I am eager to schedule a debate on the Joint Committee’s report and recommendation to refurbish the Palace of Westminster as soon as possible. That will be announced in the business statement in the usual way. The Joint Committee’s report recommended the establishment of a delivery authority that would develop a business case and budget prior to a final vote in Parliament, following a decision in principle. By its own admission, the Joint Committee was not in a position to provide detailed budgets before the establishment of a delivery authority.
If the Palace of Westminster needs to be renewed and restored, I am pretty sure that my constituents in Kettering would want me to vote for the cheapest option. If that happens to be the quickest, so much the better. Will the Leader of the House make a recommendation to the House ahead of the vote?
That is a matter for the House. It is vital that the Palace is safeguarded in the right way for the reasons that my hon. Friend has indicated. The Government want to ensure that the solution is deliverable and value for money, and are taking their time to consider the detail of the proposed recommendations and the implications very carefully.
“Taking their time” is the understatement of the year! The Joint Committee was chaired by two Ministers, one of whom, the right hon. Member for Epsom and Ewell (Chris Grayling), is sitting on the Front Bench. He was staring at the back of the head of the Deputy Leader of the House, going, “Just get on with it, man.” Get on with it!
I welcome the fact that the Government are taking their time to consider the best option for dealing with this historic Palace. Given the amount of taxpayers’ money involved, will the Deputy Leader of the House reassure me that such a cost will deliver an effective Parliament and a solution that taxpayers believe is genuine value for money.
It is crucial that value for money is safeguarded. Advice is being taken on a range of the technical and governance recommendations made by the Joint Committee report—we have studied it very carefully—and the independent Major Projects Authority is also being consulted.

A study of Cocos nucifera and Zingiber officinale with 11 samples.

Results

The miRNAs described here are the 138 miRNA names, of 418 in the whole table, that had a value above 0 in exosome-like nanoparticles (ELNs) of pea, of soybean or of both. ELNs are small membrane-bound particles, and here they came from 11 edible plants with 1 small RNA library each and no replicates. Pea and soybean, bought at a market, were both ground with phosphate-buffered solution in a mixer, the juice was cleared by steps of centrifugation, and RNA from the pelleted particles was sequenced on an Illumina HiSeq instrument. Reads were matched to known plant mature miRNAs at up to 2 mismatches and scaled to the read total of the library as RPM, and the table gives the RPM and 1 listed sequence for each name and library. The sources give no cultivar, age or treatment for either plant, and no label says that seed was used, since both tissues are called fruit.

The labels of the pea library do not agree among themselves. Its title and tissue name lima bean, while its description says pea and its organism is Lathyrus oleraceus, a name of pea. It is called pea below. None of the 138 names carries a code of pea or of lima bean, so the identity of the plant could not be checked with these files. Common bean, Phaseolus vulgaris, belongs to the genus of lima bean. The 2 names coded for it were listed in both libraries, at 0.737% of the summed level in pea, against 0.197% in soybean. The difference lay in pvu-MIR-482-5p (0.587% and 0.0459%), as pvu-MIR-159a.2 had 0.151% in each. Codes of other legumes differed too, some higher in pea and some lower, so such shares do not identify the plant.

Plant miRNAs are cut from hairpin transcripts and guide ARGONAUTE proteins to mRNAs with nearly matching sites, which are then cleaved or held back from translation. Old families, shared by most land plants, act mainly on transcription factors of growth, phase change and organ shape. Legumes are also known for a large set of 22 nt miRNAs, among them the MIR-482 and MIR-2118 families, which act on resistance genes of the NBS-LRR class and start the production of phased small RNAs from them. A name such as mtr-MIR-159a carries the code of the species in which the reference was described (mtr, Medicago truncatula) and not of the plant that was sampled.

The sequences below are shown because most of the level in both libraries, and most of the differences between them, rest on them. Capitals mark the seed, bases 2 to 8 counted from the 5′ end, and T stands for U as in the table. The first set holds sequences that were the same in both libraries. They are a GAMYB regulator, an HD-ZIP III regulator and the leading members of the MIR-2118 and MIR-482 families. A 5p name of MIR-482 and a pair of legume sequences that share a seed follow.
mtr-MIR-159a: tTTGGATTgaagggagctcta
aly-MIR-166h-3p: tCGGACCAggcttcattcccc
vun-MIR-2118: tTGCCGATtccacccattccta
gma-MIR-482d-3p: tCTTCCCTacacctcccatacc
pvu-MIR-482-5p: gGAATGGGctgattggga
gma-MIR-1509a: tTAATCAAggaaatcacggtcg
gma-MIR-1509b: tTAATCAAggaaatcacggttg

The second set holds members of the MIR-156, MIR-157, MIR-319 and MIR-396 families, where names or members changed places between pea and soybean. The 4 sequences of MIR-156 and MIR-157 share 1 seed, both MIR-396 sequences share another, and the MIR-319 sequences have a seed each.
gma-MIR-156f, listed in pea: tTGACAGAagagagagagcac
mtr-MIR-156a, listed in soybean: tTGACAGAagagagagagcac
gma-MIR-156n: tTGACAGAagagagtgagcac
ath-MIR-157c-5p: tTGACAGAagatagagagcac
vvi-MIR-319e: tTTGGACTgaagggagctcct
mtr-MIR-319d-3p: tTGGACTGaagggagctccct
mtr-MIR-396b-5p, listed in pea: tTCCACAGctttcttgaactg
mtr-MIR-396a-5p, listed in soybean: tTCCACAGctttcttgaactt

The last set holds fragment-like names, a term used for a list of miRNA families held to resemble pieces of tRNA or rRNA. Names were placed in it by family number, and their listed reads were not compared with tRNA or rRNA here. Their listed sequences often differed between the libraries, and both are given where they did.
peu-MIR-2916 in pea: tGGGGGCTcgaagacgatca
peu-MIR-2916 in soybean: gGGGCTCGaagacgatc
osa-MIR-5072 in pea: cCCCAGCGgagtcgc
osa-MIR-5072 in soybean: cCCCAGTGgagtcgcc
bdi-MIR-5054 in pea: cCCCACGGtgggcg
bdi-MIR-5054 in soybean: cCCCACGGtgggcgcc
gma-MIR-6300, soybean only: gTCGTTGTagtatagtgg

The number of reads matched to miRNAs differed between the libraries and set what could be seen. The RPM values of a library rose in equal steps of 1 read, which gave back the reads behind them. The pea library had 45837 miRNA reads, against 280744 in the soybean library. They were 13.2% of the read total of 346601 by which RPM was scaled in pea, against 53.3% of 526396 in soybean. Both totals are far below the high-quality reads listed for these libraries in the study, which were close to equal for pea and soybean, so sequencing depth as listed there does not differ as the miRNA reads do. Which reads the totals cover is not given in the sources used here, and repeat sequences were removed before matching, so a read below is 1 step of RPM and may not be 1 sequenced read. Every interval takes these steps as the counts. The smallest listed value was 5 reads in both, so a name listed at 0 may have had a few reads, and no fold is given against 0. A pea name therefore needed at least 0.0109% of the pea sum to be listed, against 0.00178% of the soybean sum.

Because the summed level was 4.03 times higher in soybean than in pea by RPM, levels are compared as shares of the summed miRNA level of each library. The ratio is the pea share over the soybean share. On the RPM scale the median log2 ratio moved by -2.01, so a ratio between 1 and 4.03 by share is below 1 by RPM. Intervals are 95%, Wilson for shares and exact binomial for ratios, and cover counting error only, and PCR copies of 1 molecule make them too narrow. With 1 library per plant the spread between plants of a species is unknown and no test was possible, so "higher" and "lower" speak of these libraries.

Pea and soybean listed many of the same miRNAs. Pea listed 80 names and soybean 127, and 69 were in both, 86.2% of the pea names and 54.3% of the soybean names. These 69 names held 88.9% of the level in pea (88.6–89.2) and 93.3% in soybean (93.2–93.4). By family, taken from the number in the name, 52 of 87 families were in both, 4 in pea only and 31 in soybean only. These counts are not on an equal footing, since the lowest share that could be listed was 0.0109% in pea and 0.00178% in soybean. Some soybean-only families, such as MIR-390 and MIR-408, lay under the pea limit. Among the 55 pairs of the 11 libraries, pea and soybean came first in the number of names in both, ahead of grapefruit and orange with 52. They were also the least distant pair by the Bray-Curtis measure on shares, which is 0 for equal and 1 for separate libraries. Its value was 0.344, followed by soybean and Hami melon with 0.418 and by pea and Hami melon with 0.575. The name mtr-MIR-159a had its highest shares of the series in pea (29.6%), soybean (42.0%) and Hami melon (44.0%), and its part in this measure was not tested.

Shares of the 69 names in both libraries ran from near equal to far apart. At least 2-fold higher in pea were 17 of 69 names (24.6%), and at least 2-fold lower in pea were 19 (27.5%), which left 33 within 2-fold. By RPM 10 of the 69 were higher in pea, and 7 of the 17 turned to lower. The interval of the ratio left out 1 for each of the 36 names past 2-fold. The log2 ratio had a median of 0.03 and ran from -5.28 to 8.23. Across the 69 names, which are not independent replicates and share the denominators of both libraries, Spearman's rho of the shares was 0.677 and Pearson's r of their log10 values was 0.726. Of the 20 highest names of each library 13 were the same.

The Deputy Leader of the House says that there is pressure on parliamentary time. We spent 45 minutes trooping through the Lobbies last night and we will spend hours doing the same next week, so if the Chamber is to be decanted, will that not be an opportunity to introduce modern practices, such as electronic voting?
Is it not the case that the large majority of people in the House of Commons are not in fact Members? There is a constant risk not only on health grounds, with asbestos and the rest, but of a fire, and we certainly do not want a repeat of 1834. Should not those who complain about the cost involved—they are quite likely to come from outside—be told that they have such an absolute right to complain because this place exists?
First, people started talking about the great reform Bill—where do all these greats come from?—and now there will presumably be the great reconstruction bill for the House of Commons. All the time I have been a Member we have made do and mended, and we have got on perfectly well. Why do we need to have this reconstruction? Let us just patch things up a bit and carry on as normal.
Again, I recommend that the hon. Gentleman read the report. It is decades—in fact, many decades—of patching and mending that has led to patching and mending no longer being practicable in the opinion of the authors of the report, so clearly a number of major issues need to be addressed.